I had just spent the most difficult seven hours of my life inside there, as Israeli warplanes carried another wave of air strikes in retaliation for the Palestinian militant group’s unprecedented assault on southern Israel from the Gaza Strip on Saturday.
The Israeli strikes also caused significant damage to dozens of residential buildings, the offices of telecommunications companies and faculty buildings of the Islamic University of Gaza.
Terrifying explosions shook the area throughout Monday night. Children were screaming and nobody had a moment’s sleep.
It was a night that the residents of Rimal – Gaza City’s wealthiest neighbourhood and usually its quietest – will not forget for a long time.
As dawn broke on Tuesday, the intensity of the strikes decreased and people discovered the extent of the destruction. The south-western neighbourhood’s infrastructure was severely damaged and most roads leading to it were cut off.
As I drove around it felt as if there had been an earthquake. There was rubble, shattered glass and severed wiring everywhere. Such was the devastation that I did not recognise some of the buildings that I passed.
“I lost everything. My apartment, where my five children lived, was here in this building. My grocery shop below the building was destroyed,” Mohammed Abu al-Kass told me while carrying his daughter Shahd in the street.
“Where do we go? We have become homeless. There is no shelter for us anymore or work.”
“Are my house and my grocery shop a military target, Israel?” he added, accusing the Israeli military of lying when it says it does not target civilians.
The Palestinian health ministry said that about 300 people, two thirds of them civilians, were killed in Israeli attacks on Gaza on Monday. It was the deadliest day there for many years.
At least 15 people were killed in the densely-populated Jabalia refugee camp, north-east of Gaza City, in the afternoon. The Israeli military said it targeted the home of a Hamas commander. But many people at a nearby market or in neighbouring houses were killed.
Humanitarian crisis deepens
The overall death toll in Gaza since Saturday now stands at 900, including 260 children, according to the health ministry. Another 4,500 people have been injured.
The already dire humanitarian crisis in this tiny, overcrowded territory also deepens.
Its 2.2 million residents are running out of food, fuel, electricity and water, after Israel’s government ordered a “complete siege” and cut off all of Gaza’s supplies in response to Hamas’s attack.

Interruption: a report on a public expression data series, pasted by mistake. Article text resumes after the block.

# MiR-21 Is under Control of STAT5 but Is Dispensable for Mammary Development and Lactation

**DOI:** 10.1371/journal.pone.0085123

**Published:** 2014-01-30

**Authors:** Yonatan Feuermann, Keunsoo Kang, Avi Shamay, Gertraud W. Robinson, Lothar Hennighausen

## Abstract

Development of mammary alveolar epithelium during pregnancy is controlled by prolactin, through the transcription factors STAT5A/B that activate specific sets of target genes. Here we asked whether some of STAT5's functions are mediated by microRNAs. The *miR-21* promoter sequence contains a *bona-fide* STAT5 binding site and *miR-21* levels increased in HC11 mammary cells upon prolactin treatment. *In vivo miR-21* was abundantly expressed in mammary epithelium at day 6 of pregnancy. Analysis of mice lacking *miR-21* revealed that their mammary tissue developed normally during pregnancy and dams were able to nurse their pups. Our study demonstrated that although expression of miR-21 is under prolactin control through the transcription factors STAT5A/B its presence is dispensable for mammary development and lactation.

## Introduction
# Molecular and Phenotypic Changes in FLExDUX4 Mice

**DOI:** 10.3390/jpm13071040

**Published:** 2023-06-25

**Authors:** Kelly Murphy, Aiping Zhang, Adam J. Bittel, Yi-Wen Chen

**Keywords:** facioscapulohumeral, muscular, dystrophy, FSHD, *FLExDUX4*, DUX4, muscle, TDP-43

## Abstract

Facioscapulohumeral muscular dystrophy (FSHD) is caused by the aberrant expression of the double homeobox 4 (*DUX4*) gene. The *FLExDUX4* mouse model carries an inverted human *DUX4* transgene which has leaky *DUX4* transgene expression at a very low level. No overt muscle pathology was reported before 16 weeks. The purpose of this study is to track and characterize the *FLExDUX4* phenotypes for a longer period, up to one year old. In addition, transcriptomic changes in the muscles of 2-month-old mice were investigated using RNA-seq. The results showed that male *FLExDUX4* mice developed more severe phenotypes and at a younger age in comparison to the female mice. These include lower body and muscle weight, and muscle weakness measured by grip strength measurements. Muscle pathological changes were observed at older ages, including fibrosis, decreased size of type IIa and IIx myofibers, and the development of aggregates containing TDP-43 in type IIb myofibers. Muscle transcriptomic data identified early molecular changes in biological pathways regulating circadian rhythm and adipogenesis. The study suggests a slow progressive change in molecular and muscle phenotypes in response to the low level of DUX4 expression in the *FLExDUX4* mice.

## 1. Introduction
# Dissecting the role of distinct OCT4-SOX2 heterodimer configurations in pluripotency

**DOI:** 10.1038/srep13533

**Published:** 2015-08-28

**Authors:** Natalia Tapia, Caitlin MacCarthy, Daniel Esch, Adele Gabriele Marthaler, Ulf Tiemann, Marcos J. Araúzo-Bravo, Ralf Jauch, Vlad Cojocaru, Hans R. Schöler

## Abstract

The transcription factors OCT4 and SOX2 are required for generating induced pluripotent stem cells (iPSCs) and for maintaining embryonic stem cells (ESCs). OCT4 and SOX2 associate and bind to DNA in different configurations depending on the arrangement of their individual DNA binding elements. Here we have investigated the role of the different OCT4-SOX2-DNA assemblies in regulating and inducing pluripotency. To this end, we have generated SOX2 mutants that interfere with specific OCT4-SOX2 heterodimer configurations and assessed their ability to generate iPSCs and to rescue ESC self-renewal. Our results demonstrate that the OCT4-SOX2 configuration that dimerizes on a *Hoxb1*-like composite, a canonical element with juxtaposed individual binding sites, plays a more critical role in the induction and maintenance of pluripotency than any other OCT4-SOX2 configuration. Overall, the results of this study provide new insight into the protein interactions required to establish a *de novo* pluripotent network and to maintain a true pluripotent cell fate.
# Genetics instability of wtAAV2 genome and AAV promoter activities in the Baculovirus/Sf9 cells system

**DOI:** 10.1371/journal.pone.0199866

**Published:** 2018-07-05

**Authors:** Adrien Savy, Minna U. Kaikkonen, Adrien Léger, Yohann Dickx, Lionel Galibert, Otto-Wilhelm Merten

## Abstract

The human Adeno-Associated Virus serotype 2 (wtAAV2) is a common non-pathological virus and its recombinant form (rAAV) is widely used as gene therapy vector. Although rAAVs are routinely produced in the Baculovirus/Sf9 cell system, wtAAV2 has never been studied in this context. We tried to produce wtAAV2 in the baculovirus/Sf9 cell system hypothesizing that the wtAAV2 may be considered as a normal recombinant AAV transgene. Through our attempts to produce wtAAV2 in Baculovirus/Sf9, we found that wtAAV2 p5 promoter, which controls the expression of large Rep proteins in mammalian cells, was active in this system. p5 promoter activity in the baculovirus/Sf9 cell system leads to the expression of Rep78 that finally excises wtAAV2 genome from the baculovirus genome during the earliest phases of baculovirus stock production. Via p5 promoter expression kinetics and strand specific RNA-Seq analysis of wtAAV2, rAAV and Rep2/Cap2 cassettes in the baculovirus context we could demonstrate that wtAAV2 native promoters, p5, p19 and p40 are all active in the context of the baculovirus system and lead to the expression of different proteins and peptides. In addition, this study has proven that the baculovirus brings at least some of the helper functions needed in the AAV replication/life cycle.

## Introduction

Saturday’s unexpected assault has killed 1,000 people on the Israeli side, and between 100 and 150 hostages have been taken across the border into Gaza by the militants.
“Can you imagine that we are living without power or water in the 21st Century? My baby has run out of nappies and there is only half a bottle of milk left,” said Waad al-Mughrabi as she looked at the destroyed building next to her home in Rimal.
“Was it my child who attacked Israel?”
Outside Gaza’s largest supermarket, which had opened for the first time since Saturday, dozens of people were queuing in front of a small back door. They were hoping to buy whatever provisions they could, fearful that that fighting will last a long time.
Most of Gaza’s fresh vegetables and fruits are grown in the south of the territory, and the severe fuel shortage means that transporting them to the north will become increasingly difficult.
So far, there have been no deliveries of food or other essential goods from Egypt, which has maintained a tight blockade of Gaza, along with Israel, since Hamas took over the territory in 2007 for security reasons.
People have also been unable to flee Gaza via the Rafah border crossing with Egypt. Only 400 a day are usually allowed in or out, but Israeli air strikes on Monday and Tuesday hit an entry gate on the Palestinian side, stopping any crossings, the Palestinian interior ministry in Gaza said.
That has forced most of the 200,000 people who have fled their homes to take shelter in UN-run schools. Some have fled in fear, while others have seen their homes destroyed by air strikes.
Some Gazans are choosing to shelter in basements, but they risk being trapped inside if the building above collapses. About 30 families were trapped in one basement alone on Monday night.
“In previous wars, this part of the city was a safe haven for residents of areas on the border [with Israel],” Rimal resident Mohammed al-Mughrabi.
The Israeli strikes on Monday night showed that nowhere is safe anymore.